In the past, having a secured website wasn’t deemed necessary for websites that weren’t passing along or storing any secure data. But, as we see nearly daily in the news, malicious cyber crimes are on the rise.
Say you’re using your smartphone on a public Wi-Fi connection in an airport. When you view insecure websites (those using only HTTP) you run a higher risk of having your session tampered with. It’s good practice to avoid using any websites where you are viewing or sending highly sensitive data while on a Wi-Fi connection that isn’t password protected or is accessible by the general public.
Starting in January, Chrome will display a “not secure” label to the left of the URL field. Google is making more efforts to push the importance of security for all users browsing the web. Most people don’t realize the difference and this small change will bring more awareness to what should be common knowledge given recent news stories about our vulnerabilities in this digital age.
HTTP vs. HTTPS
In a nutshell, HTTP is the system used to transfer information across the web. HTTPS is the secure version.
When you see a website URL that uses HTTPS instead of HTTP, it’s using an SSL (Secure Sockets Layer) to transfer the information securely.
Why Switch to HTTPS?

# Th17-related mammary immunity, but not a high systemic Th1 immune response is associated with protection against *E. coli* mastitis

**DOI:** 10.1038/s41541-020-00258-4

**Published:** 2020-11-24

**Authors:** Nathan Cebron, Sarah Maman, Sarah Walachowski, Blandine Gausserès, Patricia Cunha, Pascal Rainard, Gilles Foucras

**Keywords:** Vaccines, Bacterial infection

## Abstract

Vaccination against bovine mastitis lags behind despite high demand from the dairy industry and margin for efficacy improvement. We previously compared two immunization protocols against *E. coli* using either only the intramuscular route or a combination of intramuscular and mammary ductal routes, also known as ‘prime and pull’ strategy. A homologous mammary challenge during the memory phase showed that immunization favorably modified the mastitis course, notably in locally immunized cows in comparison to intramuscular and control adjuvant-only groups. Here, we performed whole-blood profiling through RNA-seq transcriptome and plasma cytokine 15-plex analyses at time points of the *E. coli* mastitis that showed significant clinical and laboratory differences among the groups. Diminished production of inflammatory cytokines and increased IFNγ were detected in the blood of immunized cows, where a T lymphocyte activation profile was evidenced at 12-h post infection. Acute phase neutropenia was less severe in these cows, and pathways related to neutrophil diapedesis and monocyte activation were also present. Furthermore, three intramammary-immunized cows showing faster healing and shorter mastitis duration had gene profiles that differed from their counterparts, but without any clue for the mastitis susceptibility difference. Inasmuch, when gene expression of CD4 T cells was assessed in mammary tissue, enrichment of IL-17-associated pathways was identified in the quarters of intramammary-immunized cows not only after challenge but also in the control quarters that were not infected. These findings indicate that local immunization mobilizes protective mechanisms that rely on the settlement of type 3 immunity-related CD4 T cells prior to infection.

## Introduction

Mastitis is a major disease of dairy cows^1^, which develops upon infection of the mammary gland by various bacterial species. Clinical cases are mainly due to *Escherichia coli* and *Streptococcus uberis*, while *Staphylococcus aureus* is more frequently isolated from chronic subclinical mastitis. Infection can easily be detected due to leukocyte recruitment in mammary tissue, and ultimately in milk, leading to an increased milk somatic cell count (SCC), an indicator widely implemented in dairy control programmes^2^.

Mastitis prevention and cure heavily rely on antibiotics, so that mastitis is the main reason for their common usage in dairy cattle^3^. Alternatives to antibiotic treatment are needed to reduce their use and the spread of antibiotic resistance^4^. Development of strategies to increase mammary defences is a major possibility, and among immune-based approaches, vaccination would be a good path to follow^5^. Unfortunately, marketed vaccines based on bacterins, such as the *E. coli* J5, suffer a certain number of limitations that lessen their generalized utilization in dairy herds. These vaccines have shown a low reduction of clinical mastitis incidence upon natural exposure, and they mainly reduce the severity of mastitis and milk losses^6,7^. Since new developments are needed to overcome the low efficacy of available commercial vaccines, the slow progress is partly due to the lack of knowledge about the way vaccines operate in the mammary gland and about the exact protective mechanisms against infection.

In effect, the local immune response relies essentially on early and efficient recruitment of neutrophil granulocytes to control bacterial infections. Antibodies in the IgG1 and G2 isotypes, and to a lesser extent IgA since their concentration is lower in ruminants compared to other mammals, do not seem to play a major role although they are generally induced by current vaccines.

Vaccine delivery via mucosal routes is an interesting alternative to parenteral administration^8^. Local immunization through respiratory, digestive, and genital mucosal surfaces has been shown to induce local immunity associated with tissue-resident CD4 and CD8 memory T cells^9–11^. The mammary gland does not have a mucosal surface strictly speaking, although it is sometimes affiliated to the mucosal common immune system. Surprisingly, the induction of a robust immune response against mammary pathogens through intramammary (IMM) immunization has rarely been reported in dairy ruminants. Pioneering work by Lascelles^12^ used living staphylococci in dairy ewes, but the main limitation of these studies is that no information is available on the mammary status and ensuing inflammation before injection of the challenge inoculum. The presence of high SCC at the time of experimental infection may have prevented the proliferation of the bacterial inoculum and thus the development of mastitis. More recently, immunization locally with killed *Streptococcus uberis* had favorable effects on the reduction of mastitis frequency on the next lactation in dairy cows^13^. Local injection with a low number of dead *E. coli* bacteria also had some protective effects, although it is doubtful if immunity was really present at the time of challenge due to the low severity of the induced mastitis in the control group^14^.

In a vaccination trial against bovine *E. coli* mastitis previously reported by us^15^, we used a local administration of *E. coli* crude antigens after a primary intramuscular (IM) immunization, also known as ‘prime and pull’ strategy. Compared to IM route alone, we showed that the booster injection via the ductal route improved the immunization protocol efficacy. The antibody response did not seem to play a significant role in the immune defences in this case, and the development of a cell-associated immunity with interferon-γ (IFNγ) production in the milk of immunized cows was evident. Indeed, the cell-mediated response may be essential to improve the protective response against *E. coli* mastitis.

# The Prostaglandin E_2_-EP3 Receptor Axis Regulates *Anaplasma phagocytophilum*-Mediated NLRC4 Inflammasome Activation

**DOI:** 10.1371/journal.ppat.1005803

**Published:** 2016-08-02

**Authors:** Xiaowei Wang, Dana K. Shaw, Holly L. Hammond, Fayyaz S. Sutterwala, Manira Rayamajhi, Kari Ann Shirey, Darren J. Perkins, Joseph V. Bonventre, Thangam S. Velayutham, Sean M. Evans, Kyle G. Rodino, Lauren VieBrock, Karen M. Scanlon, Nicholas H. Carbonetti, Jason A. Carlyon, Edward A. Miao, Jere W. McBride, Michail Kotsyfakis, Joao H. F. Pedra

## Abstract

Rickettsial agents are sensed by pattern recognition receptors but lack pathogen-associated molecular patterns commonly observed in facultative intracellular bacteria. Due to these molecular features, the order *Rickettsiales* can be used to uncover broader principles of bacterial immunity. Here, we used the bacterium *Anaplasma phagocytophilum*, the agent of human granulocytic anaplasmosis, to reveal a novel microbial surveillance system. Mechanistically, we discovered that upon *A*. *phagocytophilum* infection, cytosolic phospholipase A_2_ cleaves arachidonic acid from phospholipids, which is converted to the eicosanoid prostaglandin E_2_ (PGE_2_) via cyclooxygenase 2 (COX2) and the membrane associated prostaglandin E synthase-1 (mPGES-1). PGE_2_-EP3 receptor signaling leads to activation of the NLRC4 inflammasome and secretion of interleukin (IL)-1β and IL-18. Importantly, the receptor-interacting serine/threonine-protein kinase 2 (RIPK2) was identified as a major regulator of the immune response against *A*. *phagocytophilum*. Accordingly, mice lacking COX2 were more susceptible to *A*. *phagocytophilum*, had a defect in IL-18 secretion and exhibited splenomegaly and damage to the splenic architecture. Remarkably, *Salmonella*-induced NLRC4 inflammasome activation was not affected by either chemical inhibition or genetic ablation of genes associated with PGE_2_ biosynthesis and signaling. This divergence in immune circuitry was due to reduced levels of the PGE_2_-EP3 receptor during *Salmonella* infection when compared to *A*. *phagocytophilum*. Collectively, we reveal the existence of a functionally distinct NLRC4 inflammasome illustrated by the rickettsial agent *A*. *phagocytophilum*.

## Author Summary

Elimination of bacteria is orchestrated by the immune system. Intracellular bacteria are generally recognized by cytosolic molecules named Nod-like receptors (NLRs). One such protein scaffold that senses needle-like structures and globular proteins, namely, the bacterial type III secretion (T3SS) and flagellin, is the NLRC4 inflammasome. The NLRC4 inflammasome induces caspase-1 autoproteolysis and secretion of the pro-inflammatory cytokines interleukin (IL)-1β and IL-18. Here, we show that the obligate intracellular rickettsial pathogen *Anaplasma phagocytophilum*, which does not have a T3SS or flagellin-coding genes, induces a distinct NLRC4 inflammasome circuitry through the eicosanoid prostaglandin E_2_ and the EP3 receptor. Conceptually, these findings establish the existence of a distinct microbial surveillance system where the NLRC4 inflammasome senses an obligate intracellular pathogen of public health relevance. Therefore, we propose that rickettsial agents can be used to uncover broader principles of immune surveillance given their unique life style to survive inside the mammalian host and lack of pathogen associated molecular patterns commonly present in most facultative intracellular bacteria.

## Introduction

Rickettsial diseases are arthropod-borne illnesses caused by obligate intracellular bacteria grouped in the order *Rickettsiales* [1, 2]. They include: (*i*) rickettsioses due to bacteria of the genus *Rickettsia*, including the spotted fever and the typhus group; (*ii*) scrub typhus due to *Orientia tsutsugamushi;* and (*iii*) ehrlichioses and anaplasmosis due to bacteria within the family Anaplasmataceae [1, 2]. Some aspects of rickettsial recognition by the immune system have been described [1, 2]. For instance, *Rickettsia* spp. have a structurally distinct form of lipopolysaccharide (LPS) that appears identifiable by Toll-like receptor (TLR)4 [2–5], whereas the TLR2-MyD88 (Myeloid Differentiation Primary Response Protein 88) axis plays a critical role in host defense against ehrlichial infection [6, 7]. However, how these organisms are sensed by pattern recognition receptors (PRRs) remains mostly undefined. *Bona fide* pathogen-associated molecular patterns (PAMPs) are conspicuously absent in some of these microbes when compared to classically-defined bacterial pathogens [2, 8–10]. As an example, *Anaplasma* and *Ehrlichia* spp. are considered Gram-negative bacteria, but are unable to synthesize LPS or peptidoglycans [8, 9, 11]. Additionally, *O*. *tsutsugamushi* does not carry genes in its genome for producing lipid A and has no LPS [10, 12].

There are a few benefits to switching to HTTPS. First and foremost is security.
HTTPS Security Benefits
HTTPS helps prevent unwanted meddling with the communications between your web server and your users’ browser. It encrypts things like browser history, credit card information and anything passed between the browser and your website. HTTPS confirms the identity of the website and makes sure that the information your user might be sending through it isn’t tampered with along the way.
Google states that websites who use HTTPS will have a small ranking benefit because of the added level of security. They want users to be secure as possible when browsing the web. As the largest search engine in the world, they have some level of social responsibility to protect us from unwanted tampering while browsing the web.
Google has always pushed hard for usability too by displaying a mobile-friendly tag in search results for mobile sites. Security is no different.
Many new technologies require the use of HTTPS including offline in-browser experiences.
How to Switch to HTTPS
Switching over to HTTPS isn’t as daunting as it might seem but does require a few steps.
Please contact me today to find out more about making the switch.